Somin Comments on Health Care Case in "Fantasy Court"
As retired Supreme Court Associate Justice John Paul Stevens receives the Presidential Medal of Freedom this spring, bringing the number of justices so honored to nine, Professor Ilya Somin comments in an article that speculates how those nine justices might have voted on the health care law currently being reviewed by today's Court.
Somin argues that it is a mistake to compare the current Supreme Court solely with the medal recipients who operated in what he calls, "the highly aberrational period of the 1940s to the 1980s, when the conventional wisdom among legal elites was that Congress could do pretty much anything it wanted under the commerce clause."
"I think O'Connor would very likely have voted to strike down the mandate based on her strong dissenting opinion in [a 2005 case upholding a federal ban on cultivating medical marijuana for personal consumption] and her staunch advocacy of judicial enforcement of limits to federal power in many other cases," Somin states.
"The overwhelming majorit of justices appointed in the 18th, 19th, and early 20th centuries would have voted to strike down the mandate," Somin believes, noting that the Supreme Court did not concede Congress' ability to regulate insurance sales until 1944. "The same goes for many of the justices appointed over the last 25 years, as the oral argument in the madate case suggests."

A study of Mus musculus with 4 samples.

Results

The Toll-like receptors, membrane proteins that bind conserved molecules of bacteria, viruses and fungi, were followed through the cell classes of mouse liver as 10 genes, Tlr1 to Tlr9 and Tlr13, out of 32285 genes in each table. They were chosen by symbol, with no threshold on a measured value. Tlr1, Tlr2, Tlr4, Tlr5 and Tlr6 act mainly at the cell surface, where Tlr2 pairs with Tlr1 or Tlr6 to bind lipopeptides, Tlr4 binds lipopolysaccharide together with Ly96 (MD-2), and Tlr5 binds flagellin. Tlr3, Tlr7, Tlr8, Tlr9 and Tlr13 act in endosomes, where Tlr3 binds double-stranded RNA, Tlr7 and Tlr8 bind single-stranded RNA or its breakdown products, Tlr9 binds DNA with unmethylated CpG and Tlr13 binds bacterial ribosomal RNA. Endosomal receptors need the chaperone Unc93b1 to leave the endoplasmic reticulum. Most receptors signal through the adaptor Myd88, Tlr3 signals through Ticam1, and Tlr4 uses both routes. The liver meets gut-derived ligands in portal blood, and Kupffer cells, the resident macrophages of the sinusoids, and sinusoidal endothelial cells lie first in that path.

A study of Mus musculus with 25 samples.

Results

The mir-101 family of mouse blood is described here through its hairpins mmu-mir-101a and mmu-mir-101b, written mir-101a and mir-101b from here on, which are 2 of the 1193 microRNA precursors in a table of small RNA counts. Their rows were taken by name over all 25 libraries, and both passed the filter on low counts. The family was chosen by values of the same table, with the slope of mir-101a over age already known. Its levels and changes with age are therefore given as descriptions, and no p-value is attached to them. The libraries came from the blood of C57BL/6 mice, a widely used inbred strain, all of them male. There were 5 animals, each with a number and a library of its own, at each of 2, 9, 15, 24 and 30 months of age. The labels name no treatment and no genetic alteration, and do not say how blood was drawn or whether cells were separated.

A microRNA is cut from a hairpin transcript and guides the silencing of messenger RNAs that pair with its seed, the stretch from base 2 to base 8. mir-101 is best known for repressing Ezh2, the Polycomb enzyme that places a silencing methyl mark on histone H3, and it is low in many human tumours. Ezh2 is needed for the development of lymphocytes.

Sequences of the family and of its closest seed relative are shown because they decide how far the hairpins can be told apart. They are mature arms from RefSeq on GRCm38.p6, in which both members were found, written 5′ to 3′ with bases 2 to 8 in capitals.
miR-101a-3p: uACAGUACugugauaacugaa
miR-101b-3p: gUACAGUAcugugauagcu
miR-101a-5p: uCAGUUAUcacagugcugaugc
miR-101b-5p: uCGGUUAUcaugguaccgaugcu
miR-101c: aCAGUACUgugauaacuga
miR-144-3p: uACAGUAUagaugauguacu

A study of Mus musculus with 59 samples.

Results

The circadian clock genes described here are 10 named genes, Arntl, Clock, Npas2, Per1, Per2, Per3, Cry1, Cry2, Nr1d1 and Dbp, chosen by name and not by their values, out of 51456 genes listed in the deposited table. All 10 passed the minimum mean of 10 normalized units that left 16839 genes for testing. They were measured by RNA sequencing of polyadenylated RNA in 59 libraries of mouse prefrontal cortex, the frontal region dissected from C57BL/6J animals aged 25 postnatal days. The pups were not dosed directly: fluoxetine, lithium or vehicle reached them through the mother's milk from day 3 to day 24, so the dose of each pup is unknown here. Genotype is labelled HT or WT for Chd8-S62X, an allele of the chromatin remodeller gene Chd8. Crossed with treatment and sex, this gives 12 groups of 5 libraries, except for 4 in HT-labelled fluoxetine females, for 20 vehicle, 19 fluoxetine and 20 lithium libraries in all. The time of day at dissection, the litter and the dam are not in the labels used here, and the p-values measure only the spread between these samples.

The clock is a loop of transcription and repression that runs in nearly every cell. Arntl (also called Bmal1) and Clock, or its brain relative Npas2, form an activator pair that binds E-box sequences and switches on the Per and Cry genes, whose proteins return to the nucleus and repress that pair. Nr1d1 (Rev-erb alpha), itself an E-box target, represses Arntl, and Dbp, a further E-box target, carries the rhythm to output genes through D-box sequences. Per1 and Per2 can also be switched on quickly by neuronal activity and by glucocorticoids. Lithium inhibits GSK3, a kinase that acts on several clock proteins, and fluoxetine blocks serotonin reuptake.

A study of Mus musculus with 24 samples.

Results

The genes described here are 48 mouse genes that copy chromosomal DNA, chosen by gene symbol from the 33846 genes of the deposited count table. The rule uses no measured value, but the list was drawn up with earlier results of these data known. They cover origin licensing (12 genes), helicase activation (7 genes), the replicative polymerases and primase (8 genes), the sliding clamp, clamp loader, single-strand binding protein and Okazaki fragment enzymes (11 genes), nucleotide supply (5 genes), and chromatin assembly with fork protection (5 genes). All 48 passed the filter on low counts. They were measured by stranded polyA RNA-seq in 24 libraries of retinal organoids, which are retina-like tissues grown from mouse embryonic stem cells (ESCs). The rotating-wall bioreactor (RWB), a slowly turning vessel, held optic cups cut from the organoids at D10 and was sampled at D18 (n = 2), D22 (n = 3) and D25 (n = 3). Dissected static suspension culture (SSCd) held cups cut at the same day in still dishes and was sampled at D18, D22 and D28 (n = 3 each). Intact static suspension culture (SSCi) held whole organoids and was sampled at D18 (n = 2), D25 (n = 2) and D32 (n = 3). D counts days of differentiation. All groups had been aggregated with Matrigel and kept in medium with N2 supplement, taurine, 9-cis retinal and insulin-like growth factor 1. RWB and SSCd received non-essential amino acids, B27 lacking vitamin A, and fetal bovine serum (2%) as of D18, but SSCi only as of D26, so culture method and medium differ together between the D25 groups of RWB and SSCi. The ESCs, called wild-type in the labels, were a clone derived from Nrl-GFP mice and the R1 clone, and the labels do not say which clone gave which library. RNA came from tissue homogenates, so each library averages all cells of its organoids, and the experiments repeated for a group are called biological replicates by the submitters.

Health Care Case in Fantasy Court: What Would Honored Justices Say? The Huffington Post, May 9, 2012. By Mike Sacks.
"Call it 'fantasy Court.' It comprises the nine justices whom presidents over the past half-century have selected for the nation's highest civilian honor. It also serves as a kind of unicorn pasture, a place where we can find Democratic and Republican appointees from not so long ago willingly agreeing to defer to Congress' broad power to remedy national problems.
"'The mandate would have been upheld every moment from 1937 until 2009,' observed University of Texas School of Law professor Lucas Powe, author of 'The Supreme Court and the American Elite, 1789-2008.' But in late 2009, a Heritage Foundation memorandum written by libertarian Georgetown Law professor Randy Barnett gave the first full airing to the argument that the Affordable Care Act's mandatory coverage provision exceeded Congress' power to regulate interstate commerce. After that, 'it became part of Republican Party orthodoxy that Obamacare had to be unconstitutional,' Powe said."